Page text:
Northeast September Garden To-Do List

A bumblebee is working this ‘Robustissima’ Japanese anemone (Anemone tomentosa ‘Robustissima’, Zones 4–8). Photo: Kristin Green

September is a game changer. Don’t believe the propaganda; school might be back in session, but summer isn’t over yet. In fact, it’s better than ever. The humidity abates in September, the sky lifts, and morning and afternoon light becomes golden. Conditions are ideal for enjoying the garden’s show.

yellow garden spider (Argiope aurantia)
I generally try to avoid close encounters with spiders. But yellow garden spider (Argiope aurantia) is a gorgeous and gentle (unless you’re prey) giant who weaves a distinctive zipper into her web, making it easier for us (and birds) to spot her. Photo: Kristin Green

Garden in harmony with wildlife this fall. Pollinators, insects, spiders, and birds are especially active now, tanking up for winter and producing their next generations. Observe and get to know your garden’s population by name. Take pictures, research identifications and life cycles, and commit to providing a safe haven for wildlife by refusing to use pesticides and other toxic chemicals and by turning off the leaf blower. Keep the hummingbird feeder filled for travelers from the north. Learn more about gardening for the benefit of birds and pollinators here and here.

divide irises
Cut off diseased sections of rhizomes, and replant slightly below the soil. Photo: Jason Jorgensen 

Start tackling your divide-and-transplant list. Fall is the best time to divide spring and early summer bloomers such as bearded, Siberian, and Japanese irises (Iris spp. and cvs., Zones 3–9). Irises want dividing every three to four years as clumps expand and older rhizomes die off. Gently lift bearded iris clusters and inspect rhizomes for signs of rot, breakage, and borer damage. Trim foliage back to about 4 inches, and replant whole and healthy keepers, barely covering the rhizomes. Siberian and Japanese iris clumps may be pried into halves or quarters using two digging forks back to back. Trim foliage to 4 to 6 inches. Learn more about dividing both bearded and beardless irises here.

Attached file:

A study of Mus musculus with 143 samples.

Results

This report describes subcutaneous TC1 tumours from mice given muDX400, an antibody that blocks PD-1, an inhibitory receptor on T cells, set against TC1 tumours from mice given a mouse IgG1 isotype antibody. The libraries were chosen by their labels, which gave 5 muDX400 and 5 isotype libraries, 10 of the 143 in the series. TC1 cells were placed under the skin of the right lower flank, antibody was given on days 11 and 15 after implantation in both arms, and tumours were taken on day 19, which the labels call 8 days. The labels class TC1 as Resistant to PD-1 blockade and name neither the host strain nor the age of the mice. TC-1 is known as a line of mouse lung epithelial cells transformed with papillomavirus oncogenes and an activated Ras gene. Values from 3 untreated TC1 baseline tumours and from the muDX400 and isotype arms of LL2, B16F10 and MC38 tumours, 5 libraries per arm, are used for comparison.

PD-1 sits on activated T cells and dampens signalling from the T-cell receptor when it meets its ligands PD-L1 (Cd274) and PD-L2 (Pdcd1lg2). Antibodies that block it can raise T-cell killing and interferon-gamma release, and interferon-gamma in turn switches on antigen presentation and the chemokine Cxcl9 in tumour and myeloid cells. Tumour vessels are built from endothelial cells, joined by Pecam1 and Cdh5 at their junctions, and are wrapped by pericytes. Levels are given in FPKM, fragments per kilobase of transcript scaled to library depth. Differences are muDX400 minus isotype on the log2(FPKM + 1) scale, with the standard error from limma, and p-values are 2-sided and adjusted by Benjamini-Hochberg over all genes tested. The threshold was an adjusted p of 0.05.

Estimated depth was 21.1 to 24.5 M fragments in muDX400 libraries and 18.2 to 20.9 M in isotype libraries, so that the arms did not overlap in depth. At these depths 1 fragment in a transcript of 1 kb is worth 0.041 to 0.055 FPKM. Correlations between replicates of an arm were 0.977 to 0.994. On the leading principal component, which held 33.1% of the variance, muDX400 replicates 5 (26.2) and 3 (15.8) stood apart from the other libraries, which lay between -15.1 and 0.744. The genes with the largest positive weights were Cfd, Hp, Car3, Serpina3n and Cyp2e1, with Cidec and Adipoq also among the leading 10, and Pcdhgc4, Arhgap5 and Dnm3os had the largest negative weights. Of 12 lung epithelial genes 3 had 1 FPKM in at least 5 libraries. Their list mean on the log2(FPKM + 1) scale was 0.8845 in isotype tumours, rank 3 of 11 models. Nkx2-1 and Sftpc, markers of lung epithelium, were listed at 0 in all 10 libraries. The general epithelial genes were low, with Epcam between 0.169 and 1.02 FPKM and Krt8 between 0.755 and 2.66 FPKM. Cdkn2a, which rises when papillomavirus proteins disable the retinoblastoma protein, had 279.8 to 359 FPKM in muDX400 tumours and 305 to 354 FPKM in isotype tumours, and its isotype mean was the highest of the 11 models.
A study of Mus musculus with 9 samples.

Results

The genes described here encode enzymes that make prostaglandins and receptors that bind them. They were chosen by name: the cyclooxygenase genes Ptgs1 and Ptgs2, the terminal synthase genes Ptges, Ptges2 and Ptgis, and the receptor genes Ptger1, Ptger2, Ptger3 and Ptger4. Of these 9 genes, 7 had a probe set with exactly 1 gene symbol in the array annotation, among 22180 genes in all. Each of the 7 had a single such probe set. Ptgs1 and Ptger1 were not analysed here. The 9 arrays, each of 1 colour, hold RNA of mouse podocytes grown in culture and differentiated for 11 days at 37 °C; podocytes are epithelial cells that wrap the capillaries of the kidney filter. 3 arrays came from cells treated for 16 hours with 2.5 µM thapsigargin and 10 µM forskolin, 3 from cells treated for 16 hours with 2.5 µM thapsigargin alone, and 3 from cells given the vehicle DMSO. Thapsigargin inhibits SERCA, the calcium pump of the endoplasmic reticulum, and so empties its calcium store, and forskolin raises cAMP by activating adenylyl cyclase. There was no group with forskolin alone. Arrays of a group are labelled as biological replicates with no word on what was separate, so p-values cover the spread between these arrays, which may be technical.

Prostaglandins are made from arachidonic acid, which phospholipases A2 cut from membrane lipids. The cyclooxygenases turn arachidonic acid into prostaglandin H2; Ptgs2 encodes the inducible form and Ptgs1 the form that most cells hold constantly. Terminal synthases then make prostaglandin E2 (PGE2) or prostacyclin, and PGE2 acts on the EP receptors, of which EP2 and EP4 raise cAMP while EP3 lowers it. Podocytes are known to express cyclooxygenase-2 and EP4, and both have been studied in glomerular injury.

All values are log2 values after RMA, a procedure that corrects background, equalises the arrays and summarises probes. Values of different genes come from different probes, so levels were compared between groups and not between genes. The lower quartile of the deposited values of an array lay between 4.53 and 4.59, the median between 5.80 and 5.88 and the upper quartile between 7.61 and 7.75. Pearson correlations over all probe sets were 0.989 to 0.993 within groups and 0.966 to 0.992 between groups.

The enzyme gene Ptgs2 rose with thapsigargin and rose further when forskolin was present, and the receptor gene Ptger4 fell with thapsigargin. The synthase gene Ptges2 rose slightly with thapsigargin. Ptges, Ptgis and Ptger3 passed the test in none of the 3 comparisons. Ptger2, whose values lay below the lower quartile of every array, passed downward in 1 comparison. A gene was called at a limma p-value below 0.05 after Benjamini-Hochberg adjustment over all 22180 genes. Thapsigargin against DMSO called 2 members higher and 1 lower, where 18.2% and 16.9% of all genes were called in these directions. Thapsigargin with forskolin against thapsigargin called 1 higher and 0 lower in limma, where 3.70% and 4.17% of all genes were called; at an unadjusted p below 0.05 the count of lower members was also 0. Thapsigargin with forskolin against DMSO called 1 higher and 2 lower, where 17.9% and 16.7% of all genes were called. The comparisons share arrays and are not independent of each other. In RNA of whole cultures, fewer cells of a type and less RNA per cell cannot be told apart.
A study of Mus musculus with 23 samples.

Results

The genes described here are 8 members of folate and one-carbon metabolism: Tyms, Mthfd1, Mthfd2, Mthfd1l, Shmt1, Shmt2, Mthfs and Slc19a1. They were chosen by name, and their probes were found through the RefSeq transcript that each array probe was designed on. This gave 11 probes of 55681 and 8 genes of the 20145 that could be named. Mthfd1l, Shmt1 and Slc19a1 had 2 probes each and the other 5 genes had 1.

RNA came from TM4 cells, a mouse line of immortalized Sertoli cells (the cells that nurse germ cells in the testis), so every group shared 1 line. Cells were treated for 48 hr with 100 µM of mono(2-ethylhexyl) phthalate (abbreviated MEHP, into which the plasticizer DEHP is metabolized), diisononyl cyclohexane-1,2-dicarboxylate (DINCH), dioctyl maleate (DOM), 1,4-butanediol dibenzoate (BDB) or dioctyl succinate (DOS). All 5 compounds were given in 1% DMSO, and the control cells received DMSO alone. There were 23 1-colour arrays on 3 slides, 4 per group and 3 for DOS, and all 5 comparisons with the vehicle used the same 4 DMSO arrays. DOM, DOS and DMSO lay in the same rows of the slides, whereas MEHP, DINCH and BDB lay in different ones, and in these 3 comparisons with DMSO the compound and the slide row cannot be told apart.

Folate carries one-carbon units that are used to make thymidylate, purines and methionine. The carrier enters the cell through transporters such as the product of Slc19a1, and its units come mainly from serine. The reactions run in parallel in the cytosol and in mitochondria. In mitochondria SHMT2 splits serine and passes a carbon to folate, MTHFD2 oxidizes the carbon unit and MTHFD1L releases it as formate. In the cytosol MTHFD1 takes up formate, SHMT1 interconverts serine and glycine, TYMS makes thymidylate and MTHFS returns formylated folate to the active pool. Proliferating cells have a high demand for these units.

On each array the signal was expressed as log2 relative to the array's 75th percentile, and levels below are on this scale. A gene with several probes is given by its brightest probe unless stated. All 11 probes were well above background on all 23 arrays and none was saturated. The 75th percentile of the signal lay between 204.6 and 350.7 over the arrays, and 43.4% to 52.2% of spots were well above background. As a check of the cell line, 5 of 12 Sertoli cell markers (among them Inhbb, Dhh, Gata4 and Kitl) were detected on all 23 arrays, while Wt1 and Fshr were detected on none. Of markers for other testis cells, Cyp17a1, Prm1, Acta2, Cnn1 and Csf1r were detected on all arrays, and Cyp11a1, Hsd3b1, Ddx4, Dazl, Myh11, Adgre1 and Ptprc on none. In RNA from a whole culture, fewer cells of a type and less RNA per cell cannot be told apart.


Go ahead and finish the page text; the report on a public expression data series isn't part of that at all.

I’m shopping the late-season displays at Avant Gardens in North Dartmouth, Massachusetts. Photo: Kristin Green

Plant new additions. If your garden still has gaps after dividing and transplanting, shop local nurseries’ sales on unsold stock. It’s not too late to add annuals and tender perennials that will extend your garden’s show right up until frost. Allow for impulse shopping. You’ll learn something new with each acquisition. If plants are pot bound, gently loosen winding roots, trim top growth, deadhead, and water in well. They will take off quickly when released from confinement. 

 ‘Tiger’ fern (Nephrolepsis exaltata ‘Tiger’, Zones 9–11)
I’m tidying this ‘Tiger’ fern (Nephrolepsis exaltata ‘Tiger’, Zones 9–11) before bringing it back inside by removing old leaves and spider webs. Photo: Kristin Green

Start bringing your houseplants back inside. After being outside all summer, they’ll want time to acclimate to the less humid conditions indoors before you close all the windows and turn on the heat. Check containers and foliage for hitchhiking insects, and gently relocate them back into the garden. Repot plants that have overgrown their confines, and trim old foliage. Even if you situate your plants in the brightest windows, light levels will be much lower than outdoors, and growth will slow for the winter, so hold off on fertilizing from now until late February or March.

protect plants from frost
Tender plants such as warm-season veggies, annuals, and tropicals may need protection from cold spells. These peppers are covered with a frost cloth for the night. Photo: Michelle Provaznik

Keep an eye on the forecast. Don’t let a random cold night spoil the show. Depending on your zone and average first frost date, you could be treated to weeks of warmer weather between temperature dips. Whenever the forecast looks iffy, cover frost-tender plants with old bedsheets or Reemay. Remove covers as the sun climbs the next morning.

Be sure to tour the garden on those crisp apple days with an eye out for activity and a notebook for observations and ideas. Make the most of the best last weeks of summer.

 

—Kristin Green is the author of Plantiful: Start Small, Grow Big With 150 Plants That Spread, Self-Sow, and Overwinter. She gardens in Bristol, Rhode Island.